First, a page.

Circle of Fifths

for the Chording workshop, Evart Fun Fest 1999

by Paul Goelz (copyright 1999)

As far as I am concerned, a knowledge of music theory is not a requirement to make folk music. It was in fact many years before I learned even the slightest bit of music theory, and I still don't read music. But there was one important exception. I learned it from the autoharp, but you can learn it from this little piece of paper and then be done with music theory forever if you want to.

So here's the deal..... many many things in music are based on the circle of fifths (no, not a drinking party around the campfire), and especially chord progressions, and especially in the kinds of folk music that we play. You're playing in "G" and you wonder what the other two chords are in "G"..... look at the circle of fifths (or recite it.... you ARE memorizing it, aren't you?). You are playing in "D" and you wonder what the "4" chord is.... look at the circle of fifths. You wonder what logic put the little markers on your dulcimer bridges where they are.... look at the circle of fifths. Getting the picture?

So here it is (drum roll):

B E A D G C F Bb Eb

And that's all there is to it. Really!

OK, OK , you're wondering why it is called the circle of fifths? Because I only show the keys / chords that we use in our music. We don't usually play in Bb or Eb or Ab, right? But if you carried the sequence out a couple more in either direction, you would find that it closed in on itself and became a circle instead of a line (segment).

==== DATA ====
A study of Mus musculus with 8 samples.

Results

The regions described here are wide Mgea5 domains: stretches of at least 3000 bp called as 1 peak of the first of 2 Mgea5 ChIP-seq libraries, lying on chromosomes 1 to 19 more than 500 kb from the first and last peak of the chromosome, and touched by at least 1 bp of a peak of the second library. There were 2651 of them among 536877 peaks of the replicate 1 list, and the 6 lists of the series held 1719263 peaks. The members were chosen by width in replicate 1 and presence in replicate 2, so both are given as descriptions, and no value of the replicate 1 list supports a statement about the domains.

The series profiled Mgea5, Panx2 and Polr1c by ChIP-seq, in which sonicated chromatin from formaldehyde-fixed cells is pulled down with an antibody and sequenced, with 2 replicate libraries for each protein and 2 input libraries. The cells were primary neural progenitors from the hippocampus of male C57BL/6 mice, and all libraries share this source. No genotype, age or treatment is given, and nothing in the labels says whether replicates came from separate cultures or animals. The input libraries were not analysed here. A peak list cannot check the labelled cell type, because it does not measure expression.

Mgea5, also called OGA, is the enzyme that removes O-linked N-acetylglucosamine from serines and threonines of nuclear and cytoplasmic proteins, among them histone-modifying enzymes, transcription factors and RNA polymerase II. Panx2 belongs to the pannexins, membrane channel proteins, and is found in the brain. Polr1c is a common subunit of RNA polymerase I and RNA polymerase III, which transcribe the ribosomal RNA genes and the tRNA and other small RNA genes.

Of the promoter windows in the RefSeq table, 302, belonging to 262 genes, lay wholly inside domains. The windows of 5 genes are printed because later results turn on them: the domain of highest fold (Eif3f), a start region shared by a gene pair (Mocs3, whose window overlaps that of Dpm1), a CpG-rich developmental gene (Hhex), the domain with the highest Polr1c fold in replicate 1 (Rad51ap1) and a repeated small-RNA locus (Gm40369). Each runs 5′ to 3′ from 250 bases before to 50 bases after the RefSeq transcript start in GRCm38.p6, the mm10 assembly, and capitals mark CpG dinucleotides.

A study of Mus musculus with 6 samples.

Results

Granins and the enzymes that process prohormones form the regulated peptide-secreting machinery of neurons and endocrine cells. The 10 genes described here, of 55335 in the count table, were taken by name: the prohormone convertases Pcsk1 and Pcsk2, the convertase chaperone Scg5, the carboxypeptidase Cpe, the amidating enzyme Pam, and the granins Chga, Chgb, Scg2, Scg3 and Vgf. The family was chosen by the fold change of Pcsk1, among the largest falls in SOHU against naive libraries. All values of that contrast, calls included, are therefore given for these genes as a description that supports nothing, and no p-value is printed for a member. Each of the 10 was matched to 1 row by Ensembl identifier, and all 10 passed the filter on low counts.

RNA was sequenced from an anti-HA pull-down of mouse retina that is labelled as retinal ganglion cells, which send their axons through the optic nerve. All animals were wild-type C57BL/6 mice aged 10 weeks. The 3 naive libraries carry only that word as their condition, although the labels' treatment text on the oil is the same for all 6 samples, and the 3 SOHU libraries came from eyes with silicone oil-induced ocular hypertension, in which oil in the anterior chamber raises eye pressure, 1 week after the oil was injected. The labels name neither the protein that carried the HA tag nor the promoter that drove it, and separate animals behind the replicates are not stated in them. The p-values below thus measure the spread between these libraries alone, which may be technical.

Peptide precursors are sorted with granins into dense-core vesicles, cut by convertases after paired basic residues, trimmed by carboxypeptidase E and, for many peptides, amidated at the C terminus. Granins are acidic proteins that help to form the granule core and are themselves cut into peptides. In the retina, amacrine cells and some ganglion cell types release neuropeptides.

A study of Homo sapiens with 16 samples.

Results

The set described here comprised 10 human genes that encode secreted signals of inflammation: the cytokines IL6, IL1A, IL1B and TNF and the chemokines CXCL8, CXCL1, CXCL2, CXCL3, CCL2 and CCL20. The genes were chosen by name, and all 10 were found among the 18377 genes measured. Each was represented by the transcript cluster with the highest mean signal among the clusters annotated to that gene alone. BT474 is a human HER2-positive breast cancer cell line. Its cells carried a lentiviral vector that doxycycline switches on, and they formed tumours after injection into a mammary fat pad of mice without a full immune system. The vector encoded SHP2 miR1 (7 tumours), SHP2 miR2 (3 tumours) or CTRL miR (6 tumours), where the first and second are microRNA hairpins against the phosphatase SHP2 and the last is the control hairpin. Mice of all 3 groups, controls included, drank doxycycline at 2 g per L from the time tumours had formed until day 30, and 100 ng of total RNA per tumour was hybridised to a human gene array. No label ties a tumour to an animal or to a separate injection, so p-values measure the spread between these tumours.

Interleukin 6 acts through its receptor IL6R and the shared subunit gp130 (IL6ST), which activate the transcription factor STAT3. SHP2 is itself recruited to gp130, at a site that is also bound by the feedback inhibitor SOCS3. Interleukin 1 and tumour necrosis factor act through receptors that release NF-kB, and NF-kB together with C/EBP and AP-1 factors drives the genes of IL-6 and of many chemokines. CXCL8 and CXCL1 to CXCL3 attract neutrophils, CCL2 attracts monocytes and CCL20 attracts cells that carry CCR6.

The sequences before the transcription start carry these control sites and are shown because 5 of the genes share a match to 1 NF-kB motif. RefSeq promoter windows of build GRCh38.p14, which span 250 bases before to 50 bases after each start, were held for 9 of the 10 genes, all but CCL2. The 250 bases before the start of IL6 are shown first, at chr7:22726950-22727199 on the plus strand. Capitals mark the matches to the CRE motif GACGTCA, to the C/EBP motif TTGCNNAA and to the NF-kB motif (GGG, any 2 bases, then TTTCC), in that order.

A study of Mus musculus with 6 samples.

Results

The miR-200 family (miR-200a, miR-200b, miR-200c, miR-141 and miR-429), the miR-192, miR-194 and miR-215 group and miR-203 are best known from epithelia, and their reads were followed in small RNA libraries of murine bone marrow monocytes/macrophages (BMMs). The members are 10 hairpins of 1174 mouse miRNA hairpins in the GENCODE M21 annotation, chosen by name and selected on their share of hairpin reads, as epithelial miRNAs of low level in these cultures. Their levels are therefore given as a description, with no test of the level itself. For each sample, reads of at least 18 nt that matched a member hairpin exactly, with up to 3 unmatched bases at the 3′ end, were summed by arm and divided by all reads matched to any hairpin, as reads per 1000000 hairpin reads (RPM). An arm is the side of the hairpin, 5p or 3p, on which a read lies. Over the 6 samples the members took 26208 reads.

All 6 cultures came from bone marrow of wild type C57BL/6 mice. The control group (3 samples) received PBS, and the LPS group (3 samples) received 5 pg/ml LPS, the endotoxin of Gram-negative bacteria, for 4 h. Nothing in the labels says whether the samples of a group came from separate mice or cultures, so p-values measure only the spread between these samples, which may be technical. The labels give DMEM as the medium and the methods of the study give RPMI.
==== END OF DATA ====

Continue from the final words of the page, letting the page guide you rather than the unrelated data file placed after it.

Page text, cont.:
So how do you use it? Well, go anywhere along the sequence and pick a chord. Take "G" for example. Look one chord in either direction, and those are the other two chords in that key. So in "G", you will use "D" and "C". In "D" you use "A" and "G", and so on. It's really that simple.

Start on the left of the sequence above and go to the right, and that is the progression of bridge markers on your dulcimer from bottom to top (assuming you have a BIG one with markers for B and E).

Heard people talking about "1" chords and "4" chords and the like? The center of any trio of chords is the "1", one step to the right is the "4" and one step to the left is the "5".

OK, now you wonder about minors. Same 'ting. Just say "minor" after each chord and it works for minors too. Except for one little variation. Usually, the "5" chord in a minor key is played as a major or 7th.

So go and learn the circle of fifths, and take a lot of the mystery out of this chord thing! If you memorize nothing else, memorize this sequence forward and backwards, so that you can recite it in your sleep. I mean it!

The original handout for this workshop included a chord chart showing the common chords and all the notes on the hammered dulcimer that made up each of those chords. I have done the best I could to transfer that chart to a graphic format that can be transferred over the web. Sorry it is a bit blurred.... it isn't your eyes! Click here to view that chart.